Read metaphorically, the Exodus story—which Jews will retell during the upcoming Passover holiday—offers some clues to answering this most universal of questions.
Moses is born a Hebrew slave, but he is raised in Pharaoh’s palace. The setup is an exaggerated version of something familiar to many—to anyone who has wondered whether some cosmic accident landed her with the wrong family; anyone who has felt uncomfortable about the privileges she accrued by virtue of her birth; anyone who at some point experienced her parents as oppressive or narrow. Egypt, in Hebrew, means “narrow place.”
Moses’ initial reaction is the classic teenage rebellion—it’s rash, it’s risky, and it gets him into deep trouble. After witnessing an Egyptian beating a Hebrew slave, Moses kills the Egyptian, buries him in the sand, and runs. He tries to disappear, to start over. In Midian, Moses marries a local and has a son who he names Gershom, Stranger (“For I was a stranger in a strange land,” he says).
But running away doesn’t work. At some point, those of us who leave unfinished business behind are called to return. For Moses, the call starts as a fire, a fire that burns but doesn’t consume. The burning bush is a fire that can be neither put out nor ignored.
Moses goes home to face the conflict he ran from. His task is to negotiate, to mediate between the slaves and Pharaoh, both of whom symbolize aspects of every human soul. He will eventually leave again, but in a different way. Leaving home in peace requires acknowledging the naysaying voice within. Moses can’t leave Egypt for good until his ability to dream his own future overwhelms his fear, until he stands before Pharaoh and speaks his truth.
Yes, I killed the Egyptian.
Yes, I’ve turned my back on you. Look, I’m not you. I’m a different person.
Yes, I want to leave.
Will you let me go?
Pharaoh says no, as parents do. Sometimes parents say no even when they know that eventually they will relent, that everybody will be better off when they do. Nevertheless, some inexplicable force compels them to dig in their heels, to wield their power while they still have it.
Of course, Pharaoh is an extreme example. This is the point of archetypal myths: they use extremes to illustrate lessons that apply to us all. Pharaoh symbolizes attachment—the eminently human tendency to resist change. The plagues are the suffering that results from attachment. Each plague is a message from Pharaoh’s higher self, like a body that keeps getting sick until you listen to it.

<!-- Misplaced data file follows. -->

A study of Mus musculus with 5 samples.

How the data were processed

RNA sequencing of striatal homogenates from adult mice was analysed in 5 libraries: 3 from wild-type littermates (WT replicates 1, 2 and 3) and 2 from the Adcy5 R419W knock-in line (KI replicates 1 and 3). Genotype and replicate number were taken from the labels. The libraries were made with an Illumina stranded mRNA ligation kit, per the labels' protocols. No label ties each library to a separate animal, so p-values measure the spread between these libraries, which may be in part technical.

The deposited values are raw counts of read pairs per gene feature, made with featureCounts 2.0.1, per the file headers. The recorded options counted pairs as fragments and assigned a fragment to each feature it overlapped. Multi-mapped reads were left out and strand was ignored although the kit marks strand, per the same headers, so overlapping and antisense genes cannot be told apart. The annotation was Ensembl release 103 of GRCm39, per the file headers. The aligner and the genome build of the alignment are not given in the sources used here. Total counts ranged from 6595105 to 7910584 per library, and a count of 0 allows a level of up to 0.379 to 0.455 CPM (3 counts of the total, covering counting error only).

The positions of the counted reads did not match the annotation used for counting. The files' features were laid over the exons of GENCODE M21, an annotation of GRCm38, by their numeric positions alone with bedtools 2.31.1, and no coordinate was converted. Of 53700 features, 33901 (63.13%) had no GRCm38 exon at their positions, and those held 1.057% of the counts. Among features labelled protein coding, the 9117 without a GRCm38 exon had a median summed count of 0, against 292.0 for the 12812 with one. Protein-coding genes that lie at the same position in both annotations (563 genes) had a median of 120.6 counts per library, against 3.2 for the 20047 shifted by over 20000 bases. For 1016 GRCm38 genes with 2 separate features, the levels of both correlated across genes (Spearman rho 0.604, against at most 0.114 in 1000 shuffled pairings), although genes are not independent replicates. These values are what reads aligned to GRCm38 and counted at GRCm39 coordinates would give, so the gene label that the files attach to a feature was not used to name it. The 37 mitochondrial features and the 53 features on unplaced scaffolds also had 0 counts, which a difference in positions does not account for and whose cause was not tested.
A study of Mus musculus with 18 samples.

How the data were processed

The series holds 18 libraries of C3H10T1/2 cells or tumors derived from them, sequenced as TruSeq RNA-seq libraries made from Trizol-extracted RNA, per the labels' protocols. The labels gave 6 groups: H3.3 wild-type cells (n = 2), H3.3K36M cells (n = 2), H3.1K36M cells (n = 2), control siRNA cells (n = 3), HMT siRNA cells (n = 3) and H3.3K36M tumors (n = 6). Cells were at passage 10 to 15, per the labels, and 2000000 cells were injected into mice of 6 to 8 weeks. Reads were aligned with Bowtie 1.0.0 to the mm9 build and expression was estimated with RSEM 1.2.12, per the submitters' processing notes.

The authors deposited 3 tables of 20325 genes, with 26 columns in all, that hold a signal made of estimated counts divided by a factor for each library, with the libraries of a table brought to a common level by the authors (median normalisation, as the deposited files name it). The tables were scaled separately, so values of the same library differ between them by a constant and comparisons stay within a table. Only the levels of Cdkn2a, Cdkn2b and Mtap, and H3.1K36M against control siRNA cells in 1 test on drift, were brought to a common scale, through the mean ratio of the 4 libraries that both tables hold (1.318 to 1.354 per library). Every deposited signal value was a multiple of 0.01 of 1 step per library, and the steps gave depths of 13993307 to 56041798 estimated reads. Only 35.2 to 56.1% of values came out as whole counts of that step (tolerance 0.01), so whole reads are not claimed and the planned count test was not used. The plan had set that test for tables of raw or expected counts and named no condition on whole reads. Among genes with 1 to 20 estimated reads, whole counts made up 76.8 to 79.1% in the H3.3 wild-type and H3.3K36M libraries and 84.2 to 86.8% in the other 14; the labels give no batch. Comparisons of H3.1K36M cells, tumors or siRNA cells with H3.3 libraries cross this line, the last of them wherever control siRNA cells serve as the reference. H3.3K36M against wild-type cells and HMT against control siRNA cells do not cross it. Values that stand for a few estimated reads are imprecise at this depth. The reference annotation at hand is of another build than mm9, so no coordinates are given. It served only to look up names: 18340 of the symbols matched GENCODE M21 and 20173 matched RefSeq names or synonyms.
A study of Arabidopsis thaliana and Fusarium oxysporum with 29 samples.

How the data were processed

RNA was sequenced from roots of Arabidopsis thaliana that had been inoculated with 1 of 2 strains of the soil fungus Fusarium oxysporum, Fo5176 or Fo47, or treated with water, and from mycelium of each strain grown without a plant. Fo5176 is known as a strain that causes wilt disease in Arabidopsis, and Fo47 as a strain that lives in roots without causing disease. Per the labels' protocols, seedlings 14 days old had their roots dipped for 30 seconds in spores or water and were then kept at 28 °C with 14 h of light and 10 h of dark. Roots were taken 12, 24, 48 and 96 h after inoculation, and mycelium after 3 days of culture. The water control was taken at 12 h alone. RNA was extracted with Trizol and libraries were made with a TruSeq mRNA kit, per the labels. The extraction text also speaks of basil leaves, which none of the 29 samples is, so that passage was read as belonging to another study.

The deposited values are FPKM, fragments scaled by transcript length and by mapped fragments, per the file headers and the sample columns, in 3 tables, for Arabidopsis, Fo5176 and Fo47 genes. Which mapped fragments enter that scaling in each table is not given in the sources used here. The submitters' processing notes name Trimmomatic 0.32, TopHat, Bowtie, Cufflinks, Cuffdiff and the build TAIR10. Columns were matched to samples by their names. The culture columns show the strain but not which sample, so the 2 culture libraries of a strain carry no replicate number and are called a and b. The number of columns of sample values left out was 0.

For the Moses within us, the message of the plagues may be this: Your blossoming into your most radiant self is not the true cause of suffering—your parents’ suffering, your suffering, anybody’s. The cause of suffering is resistance.
After the tenth and most devastating plague—the death of the firstborn—Pharaoh finally relents, and the Israelites leave “in haste.” They leave so quickly they can’t wait for their bread to rise; this is why we eat unleavened bread on Passover. What’s the message here?
When the force holding you back finally relents—go. GO. Don’t hang around saying long goodbyes. It’s time.
And if Pharaoh follows at your heels and drowns in the pursuit, don’t rejoice. According to one interpretation, this is what God said to the angels who sang as the Egyptian chariots were swallowed by the sea: “Don’t rejoice, for they are my creatures too.”
Every rebellious child who gets away with something forbidden knows this lesson well. Our glee is tinged with something else, with the sinking recognition that our parents’ grief is our grief. Their worries, their attachments, their very voices live within each of us. And… surviving requires not allowing ourselves to drown in their tears. Surviving is rejoicing despite their pain.
Somehow, on the other side of it all, there is a place where all is forgiven, where the narrowness of our birth canal—every trauma, every grief—becomes a source of love and gratitude, where zero-sum gives way to abundance, where Pharaoh and Moses are one.
I’ve seen only glimpses of this place. For me, this is the Promised Land.
Shari Motro is a professor of law at the University of Richmond.